There’s an interesting Slate article discussing the question. An excerpt:
Rep. Dave Camp, the Republican chairman of the House Ways and Means Committee, is Roman Catholic, and he represents a district, the Michigan 4th, with few Jews. But as anyone with access to Twitter, Facebook, or the rest of the Internet can learn, Rep. Camp has a big Jewish problem. And it’s one he may be powerless to solve.
The congressman is under attack because of his aide, Aharon Friedman, an Orthodox Jewish graduate of Harvard Law School. Friedman has been legally divorced from another Orthodox Jew, Tamar Epstein, since 2010 — but has refused to give his ex-wife a get. In Orthodox Judaism, this is the document that a man must give to his wife in order for a religious divorce to go into effect. So long as Friedman refuses to give a get, Epstein cannot remarry within the faith and is considered an agunah, or chained wife.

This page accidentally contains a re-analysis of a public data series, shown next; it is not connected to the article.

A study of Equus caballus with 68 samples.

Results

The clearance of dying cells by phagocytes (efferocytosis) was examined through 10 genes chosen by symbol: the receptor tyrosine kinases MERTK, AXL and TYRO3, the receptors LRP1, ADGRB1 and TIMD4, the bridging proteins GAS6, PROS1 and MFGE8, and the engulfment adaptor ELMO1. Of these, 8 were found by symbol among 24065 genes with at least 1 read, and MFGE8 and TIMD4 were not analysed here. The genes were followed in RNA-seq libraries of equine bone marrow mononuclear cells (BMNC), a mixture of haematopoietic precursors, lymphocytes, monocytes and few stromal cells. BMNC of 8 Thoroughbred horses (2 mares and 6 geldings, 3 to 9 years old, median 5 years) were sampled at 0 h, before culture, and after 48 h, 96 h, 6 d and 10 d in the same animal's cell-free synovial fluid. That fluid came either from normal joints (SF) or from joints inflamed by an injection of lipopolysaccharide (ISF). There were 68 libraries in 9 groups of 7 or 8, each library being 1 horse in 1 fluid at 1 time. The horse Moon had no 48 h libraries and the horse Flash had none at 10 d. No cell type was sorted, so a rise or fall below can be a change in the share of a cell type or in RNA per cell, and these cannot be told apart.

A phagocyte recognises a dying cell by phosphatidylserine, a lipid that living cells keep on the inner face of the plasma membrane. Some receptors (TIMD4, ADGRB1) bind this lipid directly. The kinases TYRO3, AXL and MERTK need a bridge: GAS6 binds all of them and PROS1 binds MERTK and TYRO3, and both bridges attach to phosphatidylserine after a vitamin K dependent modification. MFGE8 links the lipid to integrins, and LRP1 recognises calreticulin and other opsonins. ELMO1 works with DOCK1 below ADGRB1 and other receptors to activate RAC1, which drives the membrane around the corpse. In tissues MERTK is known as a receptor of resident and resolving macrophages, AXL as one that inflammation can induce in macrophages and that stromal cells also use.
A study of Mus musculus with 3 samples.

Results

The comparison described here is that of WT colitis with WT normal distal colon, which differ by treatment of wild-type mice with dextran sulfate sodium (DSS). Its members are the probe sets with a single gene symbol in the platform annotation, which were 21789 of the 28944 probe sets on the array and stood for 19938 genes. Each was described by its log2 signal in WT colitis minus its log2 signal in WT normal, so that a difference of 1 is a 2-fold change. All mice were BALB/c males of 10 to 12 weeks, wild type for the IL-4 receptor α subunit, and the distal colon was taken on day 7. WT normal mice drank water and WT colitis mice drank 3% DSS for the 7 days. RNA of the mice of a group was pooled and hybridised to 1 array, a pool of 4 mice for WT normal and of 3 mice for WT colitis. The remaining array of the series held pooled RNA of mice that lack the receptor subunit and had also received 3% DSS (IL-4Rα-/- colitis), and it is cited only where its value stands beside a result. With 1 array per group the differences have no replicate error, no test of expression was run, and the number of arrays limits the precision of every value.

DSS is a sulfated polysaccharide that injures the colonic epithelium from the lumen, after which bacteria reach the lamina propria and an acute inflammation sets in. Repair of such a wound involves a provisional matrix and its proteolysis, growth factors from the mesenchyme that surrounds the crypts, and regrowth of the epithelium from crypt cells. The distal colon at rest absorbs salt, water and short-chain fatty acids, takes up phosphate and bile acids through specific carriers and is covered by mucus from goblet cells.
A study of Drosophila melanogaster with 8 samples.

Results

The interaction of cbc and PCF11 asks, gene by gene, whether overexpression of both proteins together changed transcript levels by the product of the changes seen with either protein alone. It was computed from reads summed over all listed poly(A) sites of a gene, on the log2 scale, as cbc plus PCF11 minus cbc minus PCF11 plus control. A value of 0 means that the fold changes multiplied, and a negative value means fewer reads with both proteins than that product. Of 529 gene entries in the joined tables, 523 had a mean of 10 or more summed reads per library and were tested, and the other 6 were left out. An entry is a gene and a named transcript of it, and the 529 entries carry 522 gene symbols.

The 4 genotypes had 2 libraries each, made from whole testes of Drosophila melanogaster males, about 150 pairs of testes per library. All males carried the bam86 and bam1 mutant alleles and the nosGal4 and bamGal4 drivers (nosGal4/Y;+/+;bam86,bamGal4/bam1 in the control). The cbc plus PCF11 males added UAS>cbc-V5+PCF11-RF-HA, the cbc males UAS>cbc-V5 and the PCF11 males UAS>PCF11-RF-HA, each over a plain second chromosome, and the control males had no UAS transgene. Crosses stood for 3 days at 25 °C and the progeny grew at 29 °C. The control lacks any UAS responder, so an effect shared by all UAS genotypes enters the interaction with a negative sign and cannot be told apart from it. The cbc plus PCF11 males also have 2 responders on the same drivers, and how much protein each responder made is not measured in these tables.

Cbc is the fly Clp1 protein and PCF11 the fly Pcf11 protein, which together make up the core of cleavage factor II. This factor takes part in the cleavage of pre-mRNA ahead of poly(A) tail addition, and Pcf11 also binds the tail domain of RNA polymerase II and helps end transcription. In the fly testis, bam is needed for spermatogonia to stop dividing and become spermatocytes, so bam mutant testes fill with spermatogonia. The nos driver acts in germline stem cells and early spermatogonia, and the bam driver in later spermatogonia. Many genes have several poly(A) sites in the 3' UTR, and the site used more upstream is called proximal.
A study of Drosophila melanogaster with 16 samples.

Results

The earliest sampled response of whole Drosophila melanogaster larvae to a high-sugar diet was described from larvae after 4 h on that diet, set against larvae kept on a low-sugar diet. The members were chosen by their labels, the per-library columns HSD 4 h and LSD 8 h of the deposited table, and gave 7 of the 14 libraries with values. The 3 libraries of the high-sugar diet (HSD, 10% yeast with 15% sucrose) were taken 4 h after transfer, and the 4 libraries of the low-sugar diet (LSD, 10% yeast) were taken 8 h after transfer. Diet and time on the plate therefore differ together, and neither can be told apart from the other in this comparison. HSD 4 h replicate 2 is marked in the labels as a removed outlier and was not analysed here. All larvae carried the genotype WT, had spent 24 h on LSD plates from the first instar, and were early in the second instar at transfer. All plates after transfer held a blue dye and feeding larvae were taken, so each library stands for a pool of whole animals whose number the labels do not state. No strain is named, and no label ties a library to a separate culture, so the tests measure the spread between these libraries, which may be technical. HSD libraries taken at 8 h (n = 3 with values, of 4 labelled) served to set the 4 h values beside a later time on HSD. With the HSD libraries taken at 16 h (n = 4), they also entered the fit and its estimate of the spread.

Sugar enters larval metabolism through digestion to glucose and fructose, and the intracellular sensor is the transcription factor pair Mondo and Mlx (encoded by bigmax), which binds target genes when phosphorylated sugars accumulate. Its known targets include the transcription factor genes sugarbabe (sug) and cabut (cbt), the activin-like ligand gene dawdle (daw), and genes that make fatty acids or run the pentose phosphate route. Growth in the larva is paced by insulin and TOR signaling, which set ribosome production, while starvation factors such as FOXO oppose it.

Epstein’s limbo status has sparked an outcry in the Orthodox world…. Insisting that Friedman’s conduct amounts to domestic abuse, [Epstein’s supporters] have used the Internet, including social media and the petition site change.org, and the national media to demand that Rep. Camp pressure Friedman to religiously divorce Epstein….
Note that Congressmen, as employers, are bound by the constitutional constraints that apply to the government generally. See, e.g., Davis v. Passman (1979). And while high-ranking Congressional employees are excluded from the normal constitutional protections against government discrimination based on employees’ political activity, I don’t know of any authority for the proposition that such employees are excluded from the normal protections against government compulsion of religious conduct.